Most of all, love each other as if your life depended on it. Love makes up for practically anything.
1 Peter 4:8-ish
The Whibey Island training went very well. I had four participants, all PE teachers at Langley Middle School. They were engaged, enthusiastic, and eager to get started, all ingredients for a successful training. On top of this, they already do a number of revolutionary PE units — roller derby, in-line skating, boxing, kayaking, among others — so they worried far less about the logistics of running a bicycle unit than most of the teachers we train. Also, it was quite refreshing to have them not the least bit worried about lice in helmets. They’ve had almost 20 years of using shared helmets with no issues, and practically scoffed at my comment that it worried many teachers I’d trained.
Also, Langley is a lovely town. Most of the areas I’ve gone to have had a certain type of natural beauty, but usually when I leave, I know it’s the last time I’ll visit that town. Langley is one of the first towns where I’d actually choose to visit there for fun. And it had the added bonus of being just over an hour from home, which made driving back after I finished the training ever so much more enjoyable, an enjoyment significantly increased by the fact that I had a ferry ride in the middle of it.
As I mentioned before, this is the first training I’ve done since November-ish. What’s special about that? This is the first training I’ve done while (knowingly) pregnant. During the training, I felt pretty normal; I maintained a pretty normal level of energy, I think. I spent 22 hours working in two days, slept badly in the (of course) somewhat strange motel, and arrived home on Friday evening pretty tired. That was standard. The trainings always left me feeling drained and exhausted; typically I slept really well and the next day perked back up.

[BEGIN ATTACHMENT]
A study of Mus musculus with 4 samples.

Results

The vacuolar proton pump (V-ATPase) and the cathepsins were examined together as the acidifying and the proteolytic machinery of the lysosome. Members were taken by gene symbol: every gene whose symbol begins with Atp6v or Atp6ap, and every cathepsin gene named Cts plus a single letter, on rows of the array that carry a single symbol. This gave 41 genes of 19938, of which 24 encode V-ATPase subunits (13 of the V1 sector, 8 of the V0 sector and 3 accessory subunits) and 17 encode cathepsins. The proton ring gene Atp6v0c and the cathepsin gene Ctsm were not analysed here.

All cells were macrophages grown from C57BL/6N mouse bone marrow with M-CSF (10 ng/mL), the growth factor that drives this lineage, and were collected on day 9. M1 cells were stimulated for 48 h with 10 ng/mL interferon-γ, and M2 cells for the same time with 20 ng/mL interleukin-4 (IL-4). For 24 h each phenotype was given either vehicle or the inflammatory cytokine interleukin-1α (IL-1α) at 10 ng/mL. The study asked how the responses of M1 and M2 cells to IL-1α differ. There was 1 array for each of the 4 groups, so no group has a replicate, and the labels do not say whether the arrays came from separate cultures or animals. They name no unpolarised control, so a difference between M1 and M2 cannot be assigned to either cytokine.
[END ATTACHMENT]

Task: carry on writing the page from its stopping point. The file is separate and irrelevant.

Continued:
Not so after this training. Not in the least. I had planned on doing a good long training ride Saturday or Sunday afternoon, with some other moderate-distance ride the other weekend day. Instead, I woke up on Saturday and could not believe the level of exhaustion I felt. Here are some of the recent times I’ve felt most tired:
- Recovering from having the real flu for 10 days.
- Riding High Pass Challenge.
- Using a pickaxe to break up the clay soil to dig the French drain.
- Flying to London and having to stay awake until evening.
These things all tired me out, undoubtedly, but what I felt on Saturday and, to a lesser extent, Sunday put these all to shame. I had clearly borrowed energy from some personal energy bank to do the training, and on the weekend, I paid it back, with interest. Instead of doing a bike ride, I spent Saturday morning kind of blankly stumbling around, and people kept wondering if I was sick or something. The afternoon I napped, ate, and went to bed. I literally could not keep my eyes open. Sunday I had recovered enough to help with the cleanup my church did at Kirkland Jr. High; instead of a bike ride, Ian and I went for a walk, and in the evening we went to Ian’s improv showcase. Only on Monday did I feel energetic enough to actually do anything involving a bicycle.
That’s a lot of words, but I’ll summarize: The bike training went well, but I borrowed energy to do it, and unlike previous times I’ve taught, my body immediately exacted a dramatic toll for using that energy. This growing a baby thing is no joke, I’m telling you.